Health care is special
Health care services are in a special category of "services". Unlike almost all other services in our "free market" economy, most health care services (just like police and fire services) are necessary for all residents-often a matter of life and death.
Incredibly, we treat most health care services as if they were optional for some residents. The extreme costs, the multiple inefficiencies, and the shameful injustice of our current health care system are the guaranteed results of treating heath care services as optional for some residents.
As a civilized nation, we would never tolerate a system where police or fire services were treated as optional for some residents. To understand how utterly absurd our private health care system is, imagine life in America if we treated police and fire services the way we now treat most health care services.
If police and fire services were optional for some
Instead of groups pooling their resources and providing everyone with police and fire services, where each dollar spent provides a dollar's worth of services (minus the cost to administer payments), imagine introducing a middleman-police and fire insurance companies.
Like our current health care system, about 30% of every dollar we spend wouldn't provide any police or fire services whatsoever, but instead would go to other insurance company expenses.
Aside from administrative costs to pay for services, insurance companies would pay billions to shareholders as profits, plus spend billions more for advertising, lobbying Congress, huge executive salaries, and paying a large staff whose main job would be to find ways to shift costs to purchasers and providers and to maximize profits by minimizing services.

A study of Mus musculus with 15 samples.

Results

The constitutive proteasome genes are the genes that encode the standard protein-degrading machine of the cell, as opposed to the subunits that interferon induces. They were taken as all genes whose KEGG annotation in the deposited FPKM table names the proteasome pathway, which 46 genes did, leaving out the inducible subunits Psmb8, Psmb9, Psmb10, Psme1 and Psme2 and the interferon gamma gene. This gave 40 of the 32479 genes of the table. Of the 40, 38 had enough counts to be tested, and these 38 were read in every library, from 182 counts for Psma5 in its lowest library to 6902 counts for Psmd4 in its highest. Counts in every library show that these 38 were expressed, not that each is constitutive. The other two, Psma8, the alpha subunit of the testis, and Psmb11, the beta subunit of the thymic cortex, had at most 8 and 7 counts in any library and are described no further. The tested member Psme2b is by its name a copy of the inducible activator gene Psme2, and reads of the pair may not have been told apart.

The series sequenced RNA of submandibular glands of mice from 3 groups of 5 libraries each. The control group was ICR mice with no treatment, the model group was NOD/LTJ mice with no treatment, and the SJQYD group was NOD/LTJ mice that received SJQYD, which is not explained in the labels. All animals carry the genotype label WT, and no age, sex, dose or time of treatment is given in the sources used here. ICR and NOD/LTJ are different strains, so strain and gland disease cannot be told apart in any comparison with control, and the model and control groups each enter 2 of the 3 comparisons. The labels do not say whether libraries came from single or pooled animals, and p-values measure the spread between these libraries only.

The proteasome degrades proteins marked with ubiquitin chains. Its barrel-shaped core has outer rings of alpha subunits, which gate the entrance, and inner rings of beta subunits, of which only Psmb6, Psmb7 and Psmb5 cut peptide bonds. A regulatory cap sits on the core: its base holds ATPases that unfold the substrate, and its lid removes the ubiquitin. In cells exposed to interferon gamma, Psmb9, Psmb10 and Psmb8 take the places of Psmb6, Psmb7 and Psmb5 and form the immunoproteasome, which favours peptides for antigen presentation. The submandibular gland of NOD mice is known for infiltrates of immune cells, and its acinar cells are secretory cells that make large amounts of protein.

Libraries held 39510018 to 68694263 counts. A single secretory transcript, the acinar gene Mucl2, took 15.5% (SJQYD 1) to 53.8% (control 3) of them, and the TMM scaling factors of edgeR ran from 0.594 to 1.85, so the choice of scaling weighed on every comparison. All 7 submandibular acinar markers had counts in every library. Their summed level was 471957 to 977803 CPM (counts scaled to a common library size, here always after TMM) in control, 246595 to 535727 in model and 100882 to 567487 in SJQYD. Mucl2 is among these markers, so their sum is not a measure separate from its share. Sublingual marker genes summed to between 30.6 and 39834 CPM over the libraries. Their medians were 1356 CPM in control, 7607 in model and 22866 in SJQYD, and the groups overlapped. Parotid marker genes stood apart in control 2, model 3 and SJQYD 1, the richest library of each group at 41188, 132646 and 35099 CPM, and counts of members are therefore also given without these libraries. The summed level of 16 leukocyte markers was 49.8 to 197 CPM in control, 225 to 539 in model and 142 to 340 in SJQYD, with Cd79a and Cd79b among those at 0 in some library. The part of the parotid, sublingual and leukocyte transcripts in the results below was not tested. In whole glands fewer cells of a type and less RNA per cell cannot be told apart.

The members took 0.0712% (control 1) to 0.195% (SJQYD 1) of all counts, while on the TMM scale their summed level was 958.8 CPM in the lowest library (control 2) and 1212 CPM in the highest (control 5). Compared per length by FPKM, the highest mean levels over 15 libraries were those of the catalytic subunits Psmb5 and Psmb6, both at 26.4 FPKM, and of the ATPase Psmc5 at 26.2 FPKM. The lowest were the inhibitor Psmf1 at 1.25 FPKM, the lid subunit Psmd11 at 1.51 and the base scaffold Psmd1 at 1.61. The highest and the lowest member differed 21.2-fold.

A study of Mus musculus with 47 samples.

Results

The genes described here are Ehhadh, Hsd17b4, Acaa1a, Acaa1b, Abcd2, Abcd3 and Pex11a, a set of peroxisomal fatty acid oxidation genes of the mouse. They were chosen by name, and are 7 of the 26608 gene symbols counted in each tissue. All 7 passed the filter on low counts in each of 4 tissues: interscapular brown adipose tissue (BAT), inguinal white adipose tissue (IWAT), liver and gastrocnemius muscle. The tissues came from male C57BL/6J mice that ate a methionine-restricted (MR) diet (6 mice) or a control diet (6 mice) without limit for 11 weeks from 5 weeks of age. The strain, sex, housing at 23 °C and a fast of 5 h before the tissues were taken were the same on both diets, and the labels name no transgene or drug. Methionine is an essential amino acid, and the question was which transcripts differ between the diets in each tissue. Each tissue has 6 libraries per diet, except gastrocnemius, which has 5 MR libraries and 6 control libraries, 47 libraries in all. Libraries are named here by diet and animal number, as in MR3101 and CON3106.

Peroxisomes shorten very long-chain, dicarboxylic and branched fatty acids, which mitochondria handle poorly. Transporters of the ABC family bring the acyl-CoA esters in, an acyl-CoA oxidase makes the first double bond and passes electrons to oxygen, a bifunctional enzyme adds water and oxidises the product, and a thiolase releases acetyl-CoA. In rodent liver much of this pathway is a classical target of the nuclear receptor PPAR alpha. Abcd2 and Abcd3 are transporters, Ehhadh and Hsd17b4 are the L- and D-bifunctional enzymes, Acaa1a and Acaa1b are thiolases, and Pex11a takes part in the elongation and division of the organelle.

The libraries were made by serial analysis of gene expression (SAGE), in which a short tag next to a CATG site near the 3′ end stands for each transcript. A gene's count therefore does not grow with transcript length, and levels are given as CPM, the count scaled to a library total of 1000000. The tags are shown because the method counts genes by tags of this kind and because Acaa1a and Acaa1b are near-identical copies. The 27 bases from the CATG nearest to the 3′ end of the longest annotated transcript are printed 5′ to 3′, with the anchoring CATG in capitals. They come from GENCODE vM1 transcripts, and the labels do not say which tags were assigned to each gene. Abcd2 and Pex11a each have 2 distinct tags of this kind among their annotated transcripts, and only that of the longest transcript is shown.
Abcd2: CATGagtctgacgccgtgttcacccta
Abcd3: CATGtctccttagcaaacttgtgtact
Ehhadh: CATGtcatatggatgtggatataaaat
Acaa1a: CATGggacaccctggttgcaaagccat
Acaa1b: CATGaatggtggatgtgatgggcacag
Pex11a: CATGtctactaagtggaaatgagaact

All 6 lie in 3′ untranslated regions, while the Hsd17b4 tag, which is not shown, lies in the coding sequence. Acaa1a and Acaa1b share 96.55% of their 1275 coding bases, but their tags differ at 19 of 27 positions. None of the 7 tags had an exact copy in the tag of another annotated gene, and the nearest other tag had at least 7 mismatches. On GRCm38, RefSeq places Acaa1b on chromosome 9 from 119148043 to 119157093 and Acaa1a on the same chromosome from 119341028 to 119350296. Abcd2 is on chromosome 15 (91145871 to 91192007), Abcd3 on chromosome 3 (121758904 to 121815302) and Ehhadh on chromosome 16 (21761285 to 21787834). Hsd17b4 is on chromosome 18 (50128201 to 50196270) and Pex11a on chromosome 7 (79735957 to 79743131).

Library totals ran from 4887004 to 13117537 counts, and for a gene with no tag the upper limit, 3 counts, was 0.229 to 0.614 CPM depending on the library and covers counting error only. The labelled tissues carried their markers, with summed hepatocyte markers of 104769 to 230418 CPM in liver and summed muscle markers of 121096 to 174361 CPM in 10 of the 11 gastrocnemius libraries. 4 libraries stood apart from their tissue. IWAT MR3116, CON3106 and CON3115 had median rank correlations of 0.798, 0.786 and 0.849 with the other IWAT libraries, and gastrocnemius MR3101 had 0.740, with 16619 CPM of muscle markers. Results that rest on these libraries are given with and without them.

Like our current health care system, maximizing profits would mean charging the highest possible premiums (money in) while spending as little as possible on actual police and fire services (money out). This is simply smart business.
Insurance companies would compete to enroll residents likely to require the least police or fire services, while trying to avoid residents likely to require the most police or fire services. Like our current health care system, this would guarantee that residents who need these services the most would be the least likely to get them (this is simply smart business).
Those residents unfortunate enough to need services "too often" would be denied, dropped, or charged unaffordable premiums. Those who live in "dangerous" (low profit) areas would simply be denied police or fire services due to "pre-existing conditions" (this is simply smart business).
Insurance companies would have great profit incentives to find myriad ways to deny services or to shift costs because any money spent providing actual services comes right out of their profits. Like our current health care system, this would guarantee millions of residents would have no police or fire services at all (this is simply smart business).
In a civilized society, most health care services are no more optional than police and fire services. It's patently absurd to put a middleman (whose profit incentives are plainly against the interests of the American people) between us and our health care providers.
A middleman makes no sense for health services
It's clearly counterproductive to put a middleman between providers of necessary services and those who need these services. This guarantees disastrous results.
Providing real estate services using a middleman (agent) makes sense. A real estate middleman has profit incentives to provide purchasers with reasonably priced products because if prices are too high, purchasers won't buy and the middleman gets nothing. There's no profit incentives to deny purchasers what's being provided. Thus middleman profit incentives benefit both purchasers and providers.